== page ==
Clear on intent
We are clear on the policy intent and what our role is, so our advice is relevant and focused on the outcome we’re trying to achieve.
- A clearly defined problem
- Understanding the real reasons for the policy, not just those stated up front
- Being able to articulate why government intervention is needed
- Being clear on the intended outcomes and how they’ll be measured
- Having clarity on scope and timeframes
- Made assumptions about the “why”.
- Done what you’ve been told without understanding the intent.
- A solution without a clear problem.
What does it mean to get Clear on Intent
One of the things we struggle with is understanding the ‘why’ — what is the problem we’re trying to solve and who for, what’s behind the problem, and what outcome we need to achieve. We need to get better at questioning until we’re clear on the intent; and then making sure that intent is carried through the life of the project.
A clearly defined problem
Einstein is reported to have said that if he only had one hour to solve a problem he would spend 55 minutes defining it and the remaining 5 minutes solving it. Whether or not he actually said this, the point is valid. Having a clear, well defined problem gives you a much better chance of finding ways to solve it that will actually work.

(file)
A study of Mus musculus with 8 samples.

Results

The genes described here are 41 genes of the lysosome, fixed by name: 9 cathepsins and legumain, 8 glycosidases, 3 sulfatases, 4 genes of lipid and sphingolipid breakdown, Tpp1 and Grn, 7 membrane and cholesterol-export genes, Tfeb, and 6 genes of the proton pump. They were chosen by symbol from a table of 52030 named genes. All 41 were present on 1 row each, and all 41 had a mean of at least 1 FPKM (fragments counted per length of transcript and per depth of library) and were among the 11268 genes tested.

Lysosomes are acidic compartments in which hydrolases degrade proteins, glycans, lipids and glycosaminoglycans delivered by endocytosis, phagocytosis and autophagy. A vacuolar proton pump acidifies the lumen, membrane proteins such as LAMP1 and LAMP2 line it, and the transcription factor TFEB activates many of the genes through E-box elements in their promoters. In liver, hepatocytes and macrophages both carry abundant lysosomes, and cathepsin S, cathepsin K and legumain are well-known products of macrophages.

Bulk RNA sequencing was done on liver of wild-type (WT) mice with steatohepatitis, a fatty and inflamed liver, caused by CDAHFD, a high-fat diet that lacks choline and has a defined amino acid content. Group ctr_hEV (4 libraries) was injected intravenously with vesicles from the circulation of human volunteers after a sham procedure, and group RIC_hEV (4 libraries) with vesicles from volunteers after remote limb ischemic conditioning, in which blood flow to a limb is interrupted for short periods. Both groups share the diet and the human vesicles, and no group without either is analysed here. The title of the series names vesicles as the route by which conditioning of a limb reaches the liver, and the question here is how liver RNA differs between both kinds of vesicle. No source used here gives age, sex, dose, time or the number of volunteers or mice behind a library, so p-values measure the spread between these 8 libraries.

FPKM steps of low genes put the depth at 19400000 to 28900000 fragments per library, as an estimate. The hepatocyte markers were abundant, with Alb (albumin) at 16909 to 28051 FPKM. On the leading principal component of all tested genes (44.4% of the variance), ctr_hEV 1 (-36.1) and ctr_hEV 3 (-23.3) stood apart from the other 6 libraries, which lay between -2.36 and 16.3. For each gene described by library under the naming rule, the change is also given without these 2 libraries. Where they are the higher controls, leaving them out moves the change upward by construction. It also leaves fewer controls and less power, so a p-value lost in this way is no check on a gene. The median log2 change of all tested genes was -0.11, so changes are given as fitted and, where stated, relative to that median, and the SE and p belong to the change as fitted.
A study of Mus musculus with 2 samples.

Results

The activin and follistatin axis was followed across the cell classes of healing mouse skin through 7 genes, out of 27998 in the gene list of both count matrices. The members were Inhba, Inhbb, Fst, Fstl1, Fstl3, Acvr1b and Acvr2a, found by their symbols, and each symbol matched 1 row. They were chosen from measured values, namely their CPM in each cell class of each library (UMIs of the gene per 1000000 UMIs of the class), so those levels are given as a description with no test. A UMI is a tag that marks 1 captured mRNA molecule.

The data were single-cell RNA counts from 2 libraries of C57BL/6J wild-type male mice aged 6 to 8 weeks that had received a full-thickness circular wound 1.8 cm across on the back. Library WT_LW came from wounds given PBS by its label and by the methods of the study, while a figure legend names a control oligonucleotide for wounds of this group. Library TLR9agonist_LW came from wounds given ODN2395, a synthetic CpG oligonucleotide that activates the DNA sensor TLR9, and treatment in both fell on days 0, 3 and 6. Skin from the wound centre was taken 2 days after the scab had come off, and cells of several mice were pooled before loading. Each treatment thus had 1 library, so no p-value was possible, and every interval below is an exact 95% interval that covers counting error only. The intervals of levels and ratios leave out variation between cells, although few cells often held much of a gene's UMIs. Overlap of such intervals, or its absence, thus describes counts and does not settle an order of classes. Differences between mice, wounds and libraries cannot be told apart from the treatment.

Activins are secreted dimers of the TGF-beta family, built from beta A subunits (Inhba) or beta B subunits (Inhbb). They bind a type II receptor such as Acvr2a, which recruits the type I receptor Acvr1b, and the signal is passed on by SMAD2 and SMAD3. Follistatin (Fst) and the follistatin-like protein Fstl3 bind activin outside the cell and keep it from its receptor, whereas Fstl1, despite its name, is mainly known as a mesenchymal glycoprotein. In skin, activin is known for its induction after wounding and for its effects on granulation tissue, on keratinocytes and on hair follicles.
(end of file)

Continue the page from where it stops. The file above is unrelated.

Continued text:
Understanding the real reasons for the policy, not just those stated up front
You may be missing the subtext behind a particular policy directive, a reason the policy is needed beyond what’s stated. Policies can be seeded in many ways: a conversation the minister had with a constituent, or a media campaign, or an effective lobbyist, a long-standing issue that’s only just coming to the fore. This might be too sensitive to discuss widely, but understanding where the issue has come from, why it’s important now, puts you in the best position to recommend the most effective course of action.
Being able to articulate why government intervention is needed
You need to be clear on the Government’s role in solving this policy challenge. Sometimes the issue isn’t one the government should intervene in, or it might be more effectively solved in other ways.
Being clear on the intended outcomes and how they’ll be measured
This is about understanding the desired outcome and the impact. Even if a solution is handed to you with the policy challenge, you still need to understand the problem it’s solving and what a good outcome looks like. That will allow you to evaluate the solution, and explore whether other possibilities might be more appropriate. You also need to know where you’re starting from—having a measured baseline is necessary to evaluate success.
Having clarity on scope and timeframes
Good policy advice is timely and relevant. Being clear on the intent will help you use your time wisely, and save time second guessing. It’s also important to understand what’s driving the timeline so you can take that into account. And knowing how long you have will frame everything you do from that point forward. If a response is required in a day, you’ll take a very different approach to something that has a two-year lead time.